Much Ado About Nothing by C.E. WilsonShakespeare’s work features some of the most memorable stories and characters ever created, yet for too many curious readers the combination of ultra-dense dialogue and unfamiliar historical settings make tackling the Bard’s work something between a tedious chore and a confusing mess of bird-bolts and quondam carpet-mongers.
While it’s nearly impossible to replicate or improve on these works, it is (thanks to their timeless nature) possible to make them more accessible to a wider audience.
In this Young Adult retelling of one of William Shakespeare’s most iconic plays, join C.E. Wilson as she breathes new life into Much Ado About Nothing, the first in her series
Shakespeare for Everyone Else.
Clark and Heaven.
Beatriz and Bennett.
After years of friendship Clark decides that his senior year is the time to finally profess his love to his long-time crush Heaven; a sweet and simple girl who her father knows to be loyal, trustworthy and caring. She returns Clark’s love because, like him, she has also seen her feelings blossom over time. Theirs is a cute love that differs a bit from the other couple in the play.
Beatriz and Bennett at first glance seem to want nothing to do with the other. Every conversation, every remark is a withering attack which reveals their lost history and similarities. It’s not long before their friends hatch a plan to set them up because everyone is convinced they still love and care for one another. Will either of them be able to resist the strong attraction between them?
As these two couples try to make it through their senior year, their friend Donnie does what he can to keep the group happy. The problem lies in Donnie’s half-brother Jason who wants nothing more than to spoil the fun – even at the cost of Heaven’s reputation.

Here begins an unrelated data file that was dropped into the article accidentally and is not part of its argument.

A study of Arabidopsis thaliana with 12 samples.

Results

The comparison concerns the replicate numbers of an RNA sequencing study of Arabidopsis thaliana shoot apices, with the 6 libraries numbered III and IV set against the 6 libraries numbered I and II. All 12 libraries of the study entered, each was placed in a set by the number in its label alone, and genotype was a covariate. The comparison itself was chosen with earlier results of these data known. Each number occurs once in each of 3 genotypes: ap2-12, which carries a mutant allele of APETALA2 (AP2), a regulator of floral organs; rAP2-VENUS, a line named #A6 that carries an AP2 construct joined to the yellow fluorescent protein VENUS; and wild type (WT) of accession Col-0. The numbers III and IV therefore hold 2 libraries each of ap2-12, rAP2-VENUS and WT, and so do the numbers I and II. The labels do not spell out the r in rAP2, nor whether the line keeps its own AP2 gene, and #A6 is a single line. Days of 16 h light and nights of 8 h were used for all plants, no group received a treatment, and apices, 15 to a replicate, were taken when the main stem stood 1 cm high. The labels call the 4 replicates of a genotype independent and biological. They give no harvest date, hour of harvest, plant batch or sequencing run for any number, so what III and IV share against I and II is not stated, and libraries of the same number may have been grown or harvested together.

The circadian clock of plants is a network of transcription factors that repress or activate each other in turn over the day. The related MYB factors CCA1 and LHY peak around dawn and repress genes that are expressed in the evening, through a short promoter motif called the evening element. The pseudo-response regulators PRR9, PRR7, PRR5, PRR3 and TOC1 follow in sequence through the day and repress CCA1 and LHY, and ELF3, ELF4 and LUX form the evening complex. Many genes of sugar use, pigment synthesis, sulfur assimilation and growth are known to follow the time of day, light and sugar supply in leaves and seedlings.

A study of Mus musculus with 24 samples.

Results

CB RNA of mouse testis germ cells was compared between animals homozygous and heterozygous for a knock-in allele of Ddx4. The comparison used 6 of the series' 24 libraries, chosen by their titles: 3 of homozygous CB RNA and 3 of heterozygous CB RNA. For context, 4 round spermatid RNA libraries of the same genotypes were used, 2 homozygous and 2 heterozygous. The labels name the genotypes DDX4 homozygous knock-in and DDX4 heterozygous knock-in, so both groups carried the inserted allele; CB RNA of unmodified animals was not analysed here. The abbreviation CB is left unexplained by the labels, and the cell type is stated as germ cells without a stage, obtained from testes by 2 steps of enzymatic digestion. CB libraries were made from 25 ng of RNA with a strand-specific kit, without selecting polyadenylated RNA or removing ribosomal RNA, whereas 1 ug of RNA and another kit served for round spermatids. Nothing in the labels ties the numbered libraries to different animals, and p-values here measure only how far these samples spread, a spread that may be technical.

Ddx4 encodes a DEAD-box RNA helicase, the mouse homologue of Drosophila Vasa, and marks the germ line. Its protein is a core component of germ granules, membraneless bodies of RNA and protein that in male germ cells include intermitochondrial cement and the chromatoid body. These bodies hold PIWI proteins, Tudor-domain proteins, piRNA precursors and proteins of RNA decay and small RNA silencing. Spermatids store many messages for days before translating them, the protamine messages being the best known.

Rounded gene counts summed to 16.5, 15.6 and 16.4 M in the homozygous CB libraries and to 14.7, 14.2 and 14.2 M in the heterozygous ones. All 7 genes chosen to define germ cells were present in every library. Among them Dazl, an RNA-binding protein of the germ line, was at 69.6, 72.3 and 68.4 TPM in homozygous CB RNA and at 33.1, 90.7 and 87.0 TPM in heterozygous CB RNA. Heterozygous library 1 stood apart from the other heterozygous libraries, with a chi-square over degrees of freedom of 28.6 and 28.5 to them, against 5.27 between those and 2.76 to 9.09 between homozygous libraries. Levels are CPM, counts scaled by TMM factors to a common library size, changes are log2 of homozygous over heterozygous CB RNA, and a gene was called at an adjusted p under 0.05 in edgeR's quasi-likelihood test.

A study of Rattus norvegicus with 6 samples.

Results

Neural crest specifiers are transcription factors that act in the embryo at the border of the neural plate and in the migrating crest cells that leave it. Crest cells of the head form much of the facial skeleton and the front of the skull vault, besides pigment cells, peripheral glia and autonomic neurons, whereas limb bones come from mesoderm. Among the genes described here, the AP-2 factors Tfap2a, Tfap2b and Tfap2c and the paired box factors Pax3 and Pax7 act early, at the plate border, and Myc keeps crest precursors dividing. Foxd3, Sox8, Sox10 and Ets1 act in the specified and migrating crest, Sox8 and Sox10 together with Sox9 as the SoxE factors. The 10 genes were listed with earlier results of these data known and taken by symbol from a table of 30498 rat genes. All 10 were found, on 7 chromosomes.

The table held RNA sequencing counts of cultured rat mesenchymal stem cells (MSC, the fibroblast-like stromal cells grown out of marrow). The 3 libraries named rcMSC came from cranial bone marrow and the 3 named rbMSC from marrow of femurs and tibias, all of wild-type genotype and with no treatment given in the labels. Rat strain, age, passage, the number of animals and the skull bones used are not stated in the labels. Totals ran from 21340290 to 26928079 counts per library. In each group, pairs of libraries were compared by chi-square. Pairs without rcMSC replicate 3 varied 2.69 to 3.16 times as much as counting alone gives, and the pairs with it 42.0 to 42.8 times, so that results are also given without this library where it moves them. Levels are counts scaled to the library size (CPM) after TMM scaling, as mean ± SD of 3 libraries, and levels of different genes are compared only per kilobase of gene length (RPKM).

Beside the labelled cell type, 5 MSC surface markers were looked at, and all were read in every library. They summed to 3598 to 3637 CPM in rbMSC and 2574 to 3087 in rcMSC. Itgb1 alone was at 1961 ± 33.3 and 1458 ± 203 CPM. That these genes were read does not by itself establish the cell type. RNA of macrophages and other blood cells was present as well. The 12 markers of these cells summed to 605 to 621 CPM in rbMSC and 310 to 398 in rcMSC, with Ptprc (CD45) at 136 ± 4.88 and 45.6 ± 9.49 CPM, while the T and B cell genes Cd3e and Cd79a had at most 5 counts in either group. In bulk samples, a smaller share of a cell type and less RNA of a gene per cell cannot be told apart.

When both couples are pushed to the limits, whose love will endure?
Find out in this modern retelling of Shakespeare’s memorable play Much Ado About Nothing.
Much Ado About Nothing Shakespeare Summary
Synopsis: Much Ado about Nothing
Leonato, a kindly, respectable nobleman, lives in the idyllic Italian town of Messina. Leonato shares his house with his lovely young daughter, Hero, his playful, clever niece, Beatrice, and his elderly brother, Antonio who is Beatrice's father. As the play begins, Leonato prepares to welcome some friends home from a war. Don John is sullen and bitter, and makes trouble for the others. Meanwhile, Benedick and Beatrice resume the war of witty insults that they have carried on with each other in the past.
Don Pedro has been victorious in a small war against his own half-brother, Don John, who has now reluctantly joined him. From the beginning to the end of the play, two love stories are intertwined. One story follows the formal, romantic relationship between Leonato's daughter, Hero a young woman , and Claudio a young officer : Claudio realizes, after returning from war, that he is deeply in love with Hero and wants to ask her father for permission to marry her. His commander, Don Pedro, helps Claudio propose marriage, with some momentary confusion about who the suitor is — Don Pedro or Claudio. The other couple, Beatrice Hero's cousin and Benedick another officer , work hard to give the impression that neither is the least bit interested in the other, still smarting over bad experiences in earlier encounters with one another.
Claudio and Hero fall in love and plan to get married, but the villainous Don John slanders Hero with false evidence. - Count Claudio falls in love with Hero, the daughter of his host. Hero's cousin Beatrice a confirmed spinster and Benedict an eternal bachelor are each duped into believing the other is in love with them.
The war is over. Claudio falls in love with Hero and their marriage is agreed upon. Beatrice and Benedick despise love and engage in comic banter. The others plot to make them fall in love with each other, by a trick in which Benedick will overhear his friends talking of Beatrice's supposed secret love for him, and vice versa. Meanwhile Don John, the prince's misanthropic illegitimate brother, contrives a more malicious plot with the assistance of his follower Borachio: Claudio is led to believe that he has witnessed Hero in a compromising situation on the night before her wedding day — in fact it is her maid Margaret with Borachio. Claudio denounces Hero during the marriage ceremony. She faints and on the advice of the Friar, who is convinced of her innocence, Leonato announces that she is dead.